Reflex emptying is a method of bladder management that uses the reflex activity of your bladder muscle and sphincter.
How does reflex emptying work?
Under normal circumstances the reflex activity of your bladder muscle and sphincters coordinate. As the bladder fills the muscle stretches. This triggers a reflex response that causes the muscle to contract, increasing the pressure in the bladder. At this time, the sphincters would normally relax, but the SCI stops this from reliably happening.
With reflex emptying the sphincter relaxes intermittently, which allows urine to pass. Sometimes you have no control over your external sphincters after an SCI, and equipment is needed to collect and store the urine.
Considerations for reflex emptying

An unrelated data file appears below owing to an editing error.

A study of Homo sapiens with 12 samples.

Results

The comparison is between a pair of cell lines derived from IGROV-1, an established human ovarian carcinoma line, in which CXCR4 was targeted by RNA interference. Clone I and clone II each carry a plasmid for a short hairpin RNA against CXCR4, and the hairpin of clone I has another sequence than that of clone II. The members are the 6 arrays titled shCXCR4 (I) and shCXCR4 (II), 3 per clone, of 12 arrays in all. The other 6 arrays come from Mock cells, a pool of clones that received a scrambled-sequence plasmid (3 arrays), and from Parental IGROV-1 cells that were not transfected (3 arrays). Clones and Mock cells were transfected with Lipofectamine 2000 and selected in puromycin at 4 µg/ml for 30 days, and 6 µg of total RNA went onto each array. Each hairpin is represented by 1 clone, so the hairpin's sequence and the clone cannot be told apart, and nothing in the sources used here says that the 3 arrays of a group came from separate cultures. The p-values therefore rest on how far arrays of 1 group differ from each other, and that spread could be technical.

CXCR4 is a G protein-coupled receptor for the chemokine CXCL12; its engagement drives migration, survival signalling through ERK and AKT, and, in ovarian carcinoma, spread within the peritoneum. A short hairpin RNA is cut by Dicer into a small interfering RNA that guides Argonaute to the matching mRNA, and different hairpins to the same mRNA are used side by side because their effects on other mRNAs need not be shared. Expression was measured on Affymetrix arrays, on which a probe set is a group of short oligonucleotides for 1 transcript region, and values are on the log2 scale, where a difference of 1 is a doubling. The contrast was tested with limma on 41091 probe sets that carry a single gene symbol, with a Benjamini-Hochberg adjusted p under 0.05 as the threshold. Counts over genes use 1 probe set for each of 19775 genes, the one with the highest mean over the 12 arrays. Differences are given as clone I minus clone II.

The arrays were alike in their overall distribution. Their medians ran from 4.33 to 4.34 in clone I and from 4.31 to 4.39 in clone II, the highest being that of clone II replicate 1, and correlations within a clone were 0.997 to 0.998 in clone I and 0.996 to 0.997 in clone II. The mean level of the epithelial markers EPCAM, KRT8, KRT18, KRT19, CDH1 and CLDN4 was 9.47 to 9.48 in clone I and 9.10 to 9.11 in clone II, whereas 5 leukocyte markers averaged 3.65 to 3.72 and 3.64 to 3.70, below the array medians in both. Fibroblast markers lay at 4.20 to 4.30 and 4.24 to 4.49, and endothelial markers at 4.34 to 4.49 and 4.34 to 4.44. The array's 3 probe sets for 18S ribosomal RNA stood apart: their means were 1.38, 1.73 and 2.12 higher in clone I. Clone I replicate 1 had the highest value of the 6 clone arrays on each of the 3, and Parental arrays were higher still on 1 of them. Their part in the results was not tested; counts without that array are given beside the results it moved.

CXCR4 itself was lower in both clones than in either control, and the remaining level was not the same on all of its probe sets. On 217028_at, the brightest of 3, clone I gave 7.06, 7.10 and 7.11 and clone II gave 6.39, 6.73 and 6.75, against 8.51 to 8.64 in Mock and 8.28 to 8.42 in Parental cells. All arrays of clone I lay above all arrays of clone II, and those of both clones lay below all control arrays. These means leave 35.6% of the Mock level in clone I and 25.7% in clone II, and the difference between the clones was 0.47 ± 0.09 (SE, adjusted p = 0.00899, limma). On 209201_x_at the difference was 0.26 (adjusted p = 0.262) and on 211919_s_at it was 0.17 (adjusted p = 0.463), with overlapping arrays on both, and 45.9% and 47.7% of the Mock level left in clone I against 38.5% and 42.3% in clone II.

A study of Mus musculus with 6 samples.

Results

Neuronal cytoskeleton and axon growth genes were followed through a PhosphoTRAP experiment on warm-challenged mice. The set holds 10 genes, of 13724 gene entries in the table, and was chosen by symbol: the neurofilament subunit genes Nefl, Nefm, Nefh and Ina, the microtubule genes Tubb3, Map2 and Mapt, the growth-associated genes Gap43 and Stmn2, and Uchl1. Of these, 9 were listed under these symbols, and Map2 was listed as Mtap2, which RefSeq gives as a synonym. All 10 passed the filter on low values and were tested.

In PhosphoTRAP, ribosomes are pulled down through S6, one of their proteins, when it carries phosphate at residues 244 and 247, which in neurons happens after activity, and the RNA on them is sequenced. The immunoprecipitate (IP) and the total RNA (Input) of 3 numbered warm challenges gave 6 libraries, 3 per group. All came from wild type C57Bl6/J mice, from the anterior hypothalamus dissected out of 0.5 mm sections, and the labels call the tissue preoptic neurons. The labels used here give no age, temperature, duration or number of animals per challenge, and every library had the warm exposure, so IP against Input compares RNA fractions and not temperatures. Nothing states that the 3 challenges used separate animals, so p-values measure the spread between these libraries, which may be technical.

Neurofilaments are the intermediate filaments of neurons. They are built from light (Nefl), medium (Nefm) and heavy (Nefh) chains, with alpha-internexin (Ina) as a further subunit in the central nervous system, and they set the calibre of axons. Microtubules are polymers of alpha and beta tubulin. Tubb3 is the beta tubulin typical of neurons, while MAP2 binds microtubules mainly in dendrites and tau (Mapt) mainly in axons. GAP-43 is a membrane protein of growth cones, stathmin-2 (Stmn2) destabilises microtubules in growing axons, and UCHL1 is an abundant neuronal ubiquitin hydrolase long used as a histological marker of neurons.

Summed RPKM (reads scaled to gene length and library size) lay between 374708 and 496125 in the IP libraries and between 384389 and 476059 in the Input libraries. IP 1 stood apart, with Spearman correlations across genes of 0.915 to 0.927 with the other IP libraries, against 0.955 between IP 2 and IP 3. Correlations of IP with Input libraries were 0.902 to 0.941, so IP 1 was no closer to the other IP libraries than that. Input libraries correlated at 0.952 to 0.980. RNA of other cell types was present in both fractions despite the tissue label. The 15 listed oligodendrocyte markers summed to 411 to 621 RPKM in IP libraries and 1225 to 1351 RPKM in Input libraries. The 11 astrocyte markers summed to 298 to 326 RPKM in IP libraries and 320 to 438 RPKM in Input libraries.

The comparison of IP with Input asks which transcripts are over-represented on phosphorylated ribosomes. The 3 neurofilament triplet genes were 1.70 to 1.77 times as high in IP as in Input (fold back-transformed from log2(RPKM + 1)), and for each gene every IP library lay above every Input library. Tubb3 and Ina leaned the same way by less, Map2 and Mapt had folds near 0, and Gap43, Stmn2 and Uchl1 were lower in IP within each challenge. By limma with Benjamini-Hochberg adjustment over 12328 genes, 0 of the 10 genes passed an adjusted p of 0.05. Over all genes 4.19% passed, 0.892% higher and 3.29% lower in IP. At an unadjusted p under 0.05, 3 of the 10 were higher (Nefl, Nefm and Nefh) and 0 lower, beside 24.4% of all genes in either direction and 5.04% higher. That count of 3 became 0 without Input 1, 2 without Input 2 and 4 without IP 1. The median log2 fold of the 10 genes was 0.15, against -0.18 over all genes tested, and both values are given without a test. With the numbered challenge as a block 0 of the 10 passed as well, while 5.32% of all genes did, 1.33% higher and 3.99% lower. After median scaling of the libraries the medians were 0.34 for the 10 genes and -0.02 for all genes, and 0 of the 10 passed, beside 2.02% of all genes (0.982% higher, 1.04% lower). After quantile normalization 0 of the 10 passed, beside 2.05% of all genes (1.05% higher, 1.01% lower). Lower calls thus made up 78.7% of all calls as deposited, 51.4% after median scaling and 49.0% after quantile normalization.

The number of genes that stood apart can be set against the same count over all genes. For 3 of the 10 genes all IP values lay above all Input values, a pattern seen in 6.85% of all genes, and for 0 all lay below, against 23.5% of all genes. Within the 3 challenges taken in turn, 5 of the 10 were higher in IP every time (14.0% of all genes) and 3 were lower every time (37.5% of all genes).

Reflex emptying is only recommended if:
- Bladder pressures are safe (this is determined during urodynamics)
- No or little urine is left in the bladder after you empty.
Reflex emptying is not for everyone
Reflex emptying can be damaging if the pressure inside the bladder is too high when urine is passed. This pressure might be so high that urine flows back into your kidneys. This is known as vesicoureteral reflux. This is usually caused by the external sphincter not opening.
It’s also important that your bladder empties properly. Think about stagnant water, and the algae that form. When excess urine is trapped or not allowed to flow it is the perfect breeding ground for bacteria, allowing it to multiply and cause infection.
It’s recommended that people who use reflex emptying as bladder management have yearly urodynamic studies.